Newgen’s 4 hacks for a crisis-responsive culture

A look at how the Company’s crisis-responsive culture helped it to keep employee engagement high and attrition lower than normal, amidst the pandemic-induced challenges and uncertainties.


Thanks to earlier experiences with crises, such as the recessions of the 2000s, Newgen Software found itself crisis-proof when the pandemic hit this year. “The whole credit goes to our crisis-responsive culture,” says SJ Raj, SVP – HR & operations, Newgen Software Technologies. “Though the intensity and suddenness were very different from the earlier recessions and slowdowns we’ve faced,” he adds. “It hit us with a lot of uncertainty and we were not sure of what will happen to the business and people. Challenges were coming every day but Newgen, as a company, is very good at handling evolving situations.” A collective response, ample communication and a pyramid structure of reporting are the three pillars that kept the business process management company steady in 2020.

Core teams

The immediate response was for everybody to huddle together, informs Dr Raj. “We created a team that was orchestrating all the interaction, guiding on protocols to be followed and ensuring supplies. There was a logistics operation that ensured a smooth transition to the cloud with no disruption to the business of our customers.” Thanks to these core teams, the infrastructure for remote work was set up within a matter of days, which helped the Company stay up and running throughout the lockdown.

Leadership communication

In a remote work environment, especially at the time of crisis, communication is key. “People have to be fed with lots of information about what is happening around and what people are doing,” says Raj. The organisation’s internal employee-communication platform was abuzz with chatter. “We were publishing a lot of information just to keep the engagement, morale and motivation high.”

SJ Raj

“The immediate bosses give individual attention to the schedules of people, enabling their teams to balance both personal and professional responsibilities effectively.”


It is also a time when leaders must go the extra mile to be in touch with their workforce. “There was lots of communication from the leadership, which is continuing even today,” informs Raj. “In fact, immediate bosses are playing a much bigger role. For instance, every morning, they have a review meeting with their teams in which they not only talk about work but also try to get a holistic understanding of the person’s family.”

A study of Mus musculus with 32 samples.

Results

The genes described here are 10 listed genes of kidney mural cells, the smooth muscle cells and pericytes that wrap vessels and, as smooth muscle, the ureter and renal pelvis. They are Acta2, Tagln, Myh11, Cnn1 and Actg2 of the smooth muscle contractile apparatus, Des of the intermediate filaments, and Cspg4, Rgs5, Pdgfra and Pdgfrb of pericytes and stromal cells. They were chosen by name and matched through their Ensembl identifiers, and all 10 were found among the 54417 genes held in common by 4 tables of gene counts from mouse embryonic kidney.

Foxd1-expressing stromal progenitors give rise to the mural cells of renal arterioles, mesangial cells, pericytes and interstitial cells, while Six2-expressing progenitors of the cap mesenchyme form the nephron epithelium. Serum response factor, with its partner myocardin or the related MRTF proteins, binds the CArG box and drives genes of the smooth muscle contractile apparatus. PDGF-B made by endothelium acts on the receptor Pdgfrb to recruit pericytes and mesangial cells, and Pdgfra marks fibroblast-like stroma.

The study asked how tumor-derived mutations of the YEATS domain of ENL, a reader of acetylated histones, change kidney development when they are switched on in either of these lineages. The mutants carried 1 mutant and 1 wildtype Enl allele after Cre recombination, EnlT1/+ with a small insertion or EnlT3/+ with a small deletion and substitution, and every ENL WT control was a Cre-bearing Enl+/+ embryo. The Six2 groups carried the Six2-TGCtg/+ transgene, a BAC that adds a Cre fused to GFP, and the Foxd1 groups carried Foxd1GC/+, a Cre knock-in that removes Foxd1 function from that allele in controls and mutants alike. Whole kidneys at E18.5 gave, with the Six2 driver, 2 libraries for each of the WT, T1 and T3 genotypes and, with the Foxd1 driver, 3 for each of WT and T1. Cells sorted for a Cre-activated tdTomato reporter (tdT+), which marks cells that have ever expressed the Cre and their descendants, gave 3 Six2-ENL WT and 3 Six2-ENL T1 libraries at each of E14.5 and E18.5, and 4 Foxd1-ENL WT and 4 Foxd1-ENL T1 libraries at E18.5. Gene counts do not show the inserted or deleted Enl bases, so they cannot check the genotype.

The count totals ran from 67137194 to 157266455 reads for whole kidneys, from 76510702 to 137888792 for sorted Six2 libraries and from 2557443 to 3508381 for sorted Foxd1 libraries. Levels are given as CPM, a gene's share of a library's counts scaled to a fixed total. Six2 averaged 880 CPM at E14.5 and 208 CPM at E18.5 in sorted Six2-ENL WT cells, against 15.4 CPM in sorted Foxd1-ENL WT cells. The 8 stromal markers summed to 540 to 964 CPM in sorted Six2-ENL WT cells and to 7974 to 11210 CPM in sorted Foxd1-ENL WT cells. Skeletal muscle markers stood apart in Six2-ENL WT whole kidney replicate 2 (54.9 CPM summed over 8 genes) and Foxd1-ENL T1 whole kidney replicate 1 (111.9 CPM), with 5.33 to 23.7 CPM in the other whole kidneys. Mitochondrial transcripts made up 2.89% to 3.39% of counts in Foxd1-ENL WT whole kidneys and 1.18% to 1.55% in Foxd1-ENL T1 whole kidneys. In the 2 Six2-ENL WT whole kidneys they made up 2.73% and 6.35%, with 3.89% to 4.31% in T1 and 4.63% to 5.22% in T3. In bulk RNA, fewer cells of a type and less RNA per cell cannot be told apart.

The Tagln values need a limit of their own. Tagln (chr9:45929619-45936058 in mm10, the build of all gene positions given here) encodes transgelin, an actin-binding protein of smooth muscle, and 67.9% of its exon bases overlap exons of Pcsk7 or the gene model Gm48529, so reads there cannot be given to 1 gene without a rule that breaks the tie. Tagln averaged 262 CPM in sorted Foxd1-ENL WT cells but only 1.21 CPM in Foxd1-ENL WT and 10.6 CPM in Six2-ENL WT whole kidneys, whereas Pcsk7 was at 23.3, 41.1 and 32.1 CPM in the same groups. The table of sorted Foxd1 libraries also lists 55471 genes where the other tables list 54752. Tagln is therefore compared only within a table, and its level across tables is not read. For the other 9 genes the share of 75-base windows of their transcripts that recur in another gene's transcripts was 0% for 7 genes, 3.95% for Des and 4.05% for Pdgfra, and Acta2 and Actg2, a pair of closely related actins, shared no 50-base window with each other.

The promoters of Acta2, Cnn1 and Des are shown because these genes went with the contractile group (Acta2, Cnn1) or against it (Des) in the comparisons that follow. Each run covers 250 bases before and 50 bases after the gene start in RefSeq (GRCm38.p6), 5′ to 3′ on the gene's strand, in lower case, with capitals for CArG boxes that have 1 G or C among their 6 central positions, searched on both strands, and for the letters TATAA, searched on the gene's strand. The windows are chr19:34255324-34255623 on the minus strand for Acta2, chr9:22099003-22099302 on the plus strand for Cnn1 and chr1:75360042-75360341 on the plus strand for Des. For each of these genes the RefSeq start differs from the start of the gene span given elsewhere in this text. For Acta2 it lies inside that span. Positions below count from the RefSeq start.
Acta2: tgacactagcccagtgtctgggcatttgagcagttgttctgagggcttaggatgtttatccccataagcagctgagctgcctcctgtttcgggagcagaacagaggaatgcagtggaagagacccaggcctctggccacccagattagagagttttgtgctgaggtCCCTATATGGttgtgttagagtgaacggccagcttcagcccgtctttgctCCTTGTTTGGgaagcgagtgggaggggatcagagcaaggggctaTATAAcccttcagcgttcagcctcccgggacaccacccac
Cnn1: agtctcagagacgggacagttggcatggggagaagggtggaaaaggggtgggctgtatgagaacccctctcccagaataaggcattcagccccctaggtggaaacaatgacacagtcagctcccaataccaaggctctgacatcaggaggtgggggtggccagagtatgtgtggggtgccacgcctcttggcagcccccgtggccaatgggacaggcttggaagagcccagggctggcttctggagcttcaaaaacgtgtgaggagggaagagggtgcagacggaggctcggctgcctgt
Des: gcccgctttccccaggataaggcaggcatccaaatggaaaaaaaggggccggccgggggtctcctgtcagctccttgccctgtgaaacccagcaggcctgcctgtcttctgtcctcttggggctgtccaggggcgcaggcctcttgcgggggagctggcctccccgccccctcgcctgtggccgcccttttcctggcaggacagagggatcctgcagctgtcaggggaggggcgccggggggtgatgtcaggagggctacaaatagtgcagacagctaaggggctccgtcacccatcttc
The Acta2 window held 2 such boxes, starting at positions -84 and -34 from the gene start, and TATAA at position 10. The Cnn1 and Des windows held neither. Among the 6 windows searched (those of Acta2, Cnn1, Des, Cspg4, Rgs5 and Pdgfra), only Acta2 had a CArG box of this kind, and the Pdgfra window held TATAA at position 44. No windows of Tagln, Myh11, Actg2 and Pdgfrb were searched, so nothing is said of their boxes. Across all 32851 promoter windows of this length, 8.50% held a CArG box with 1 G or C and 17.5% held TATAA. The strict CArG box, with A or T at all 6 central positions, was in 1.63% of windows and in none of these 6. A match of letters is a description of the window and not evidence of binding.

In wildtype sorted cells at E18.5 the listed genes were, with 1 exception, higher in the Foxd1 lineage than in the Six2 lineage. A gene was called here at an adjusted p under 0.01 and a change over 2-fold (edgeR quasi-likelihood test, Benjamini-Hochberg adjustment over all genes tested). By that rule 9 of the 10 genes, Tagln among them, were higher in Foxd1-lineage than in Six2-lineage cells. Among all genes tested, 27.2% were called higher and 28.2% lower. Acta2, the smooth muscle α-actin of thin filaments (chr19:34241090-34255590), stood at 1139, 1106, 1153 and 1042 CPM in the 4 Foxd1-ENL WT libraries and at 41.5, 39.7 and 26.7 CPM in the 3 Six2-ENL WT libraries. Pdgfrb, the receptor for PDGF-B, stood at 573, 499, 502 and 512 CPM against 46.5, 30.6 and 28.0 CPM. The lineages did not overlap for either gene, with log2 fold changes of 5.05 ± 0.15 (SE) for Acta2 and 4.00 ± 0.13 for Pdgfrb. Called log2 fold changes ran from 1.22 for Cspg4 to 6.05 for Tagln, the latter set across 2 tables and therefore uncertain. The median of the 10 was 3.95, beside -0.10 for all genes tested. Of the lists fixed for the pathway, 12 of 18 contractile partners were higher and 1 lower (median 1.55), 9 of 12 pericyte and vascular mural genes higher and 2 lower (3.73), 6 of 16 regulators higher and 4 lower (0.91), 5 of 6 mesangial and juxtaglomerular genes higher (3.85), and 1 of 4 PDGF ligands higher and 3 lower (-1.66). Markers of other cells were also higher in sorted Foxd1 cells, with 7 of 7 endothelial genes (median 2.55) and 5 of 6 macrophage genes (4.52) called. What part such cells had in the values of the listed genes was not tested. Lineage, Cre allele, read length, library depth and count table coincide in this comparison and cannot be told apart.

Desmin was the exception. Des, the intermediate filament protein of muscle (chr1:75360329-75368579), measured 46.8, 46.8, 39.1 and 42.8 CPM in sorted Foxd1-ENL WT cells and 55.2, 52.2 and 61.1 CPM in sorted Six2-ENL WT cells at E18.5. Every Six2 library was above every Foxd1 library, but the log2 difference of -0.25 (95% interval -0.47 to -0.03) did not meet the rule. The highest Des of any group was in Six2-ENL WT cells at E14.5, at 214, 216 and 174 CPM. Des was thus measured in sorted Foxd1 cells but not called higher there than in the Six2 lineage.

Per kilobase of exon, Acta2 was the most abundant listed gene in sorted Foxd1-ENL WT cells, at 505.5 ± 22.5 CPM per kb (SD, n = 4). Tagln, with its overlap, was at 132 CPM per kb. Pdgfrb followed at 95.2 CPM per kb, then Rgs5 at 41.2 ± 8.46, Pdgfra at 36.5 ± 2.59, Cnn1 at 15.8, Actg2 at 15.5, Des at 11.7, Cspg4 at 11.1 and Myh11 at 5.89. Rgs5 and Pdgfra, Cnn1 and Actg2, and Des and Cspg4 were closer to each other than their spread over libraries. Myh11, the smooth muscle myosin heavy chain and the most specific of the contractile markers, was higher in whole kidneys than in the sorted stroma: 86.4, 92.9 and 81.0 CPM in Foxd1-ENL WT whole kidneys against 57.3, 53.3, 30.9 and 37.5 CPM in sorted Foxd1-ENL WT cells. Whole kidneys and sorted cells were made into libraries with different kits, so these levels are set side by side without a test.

Pyramid at work

Newgen Software’s pyramid structure of reporting coupled with increased communication from immediate leadership helped the organisation address issues that would have otherwise perhaps not seen light of day. “Our reporting structures are so defined that at the most one person has a maximum of 10 to 15 people reporting to them,” explains Raj. “We call it the pyramid structure, which helps us ensure that every boss or team lead has a true picture of their colleague’s life beyond work.”

The pandemic situation is even grimmer now, says Raj. “It’s not only the individual but even the families that need support, from arranging medicines to shifting hospitals.” The organisation’s various departments, such as operations, HR and infrastructure used their networks to assist people and their families. “Our support was not limited just to the metros where we are present. We made sure that our help reached people even in far-off places,” adds Raj.

Respecting time

This year of working remotely and virtually also provided some new learnings that the Company has added to its crisis-responsive culture. “Output has transitioned from the boss to the individual,” points out Raj, “so now, there’s a lot more focus on people’s schedules.” Besides, considering the Company services clients located all over the world, schedules also had to be adjusted for time zones.

“There are mothers who have small babies to support, some employees have elderly parents to take care of. We realised we had to align to these schedules as well,” says Raj. “The immediate bosses gave a lot of individual attention to the schedules of people, enabling their teams to balance both personal and professional responsibilities effectively.”

All of these factors put together not only helped the company respond to the year’s challenges but also led to some positive developments. “I can happily tell you that productivity and engagement have gone up and our attrition is lower compared to normal times,” states Raj.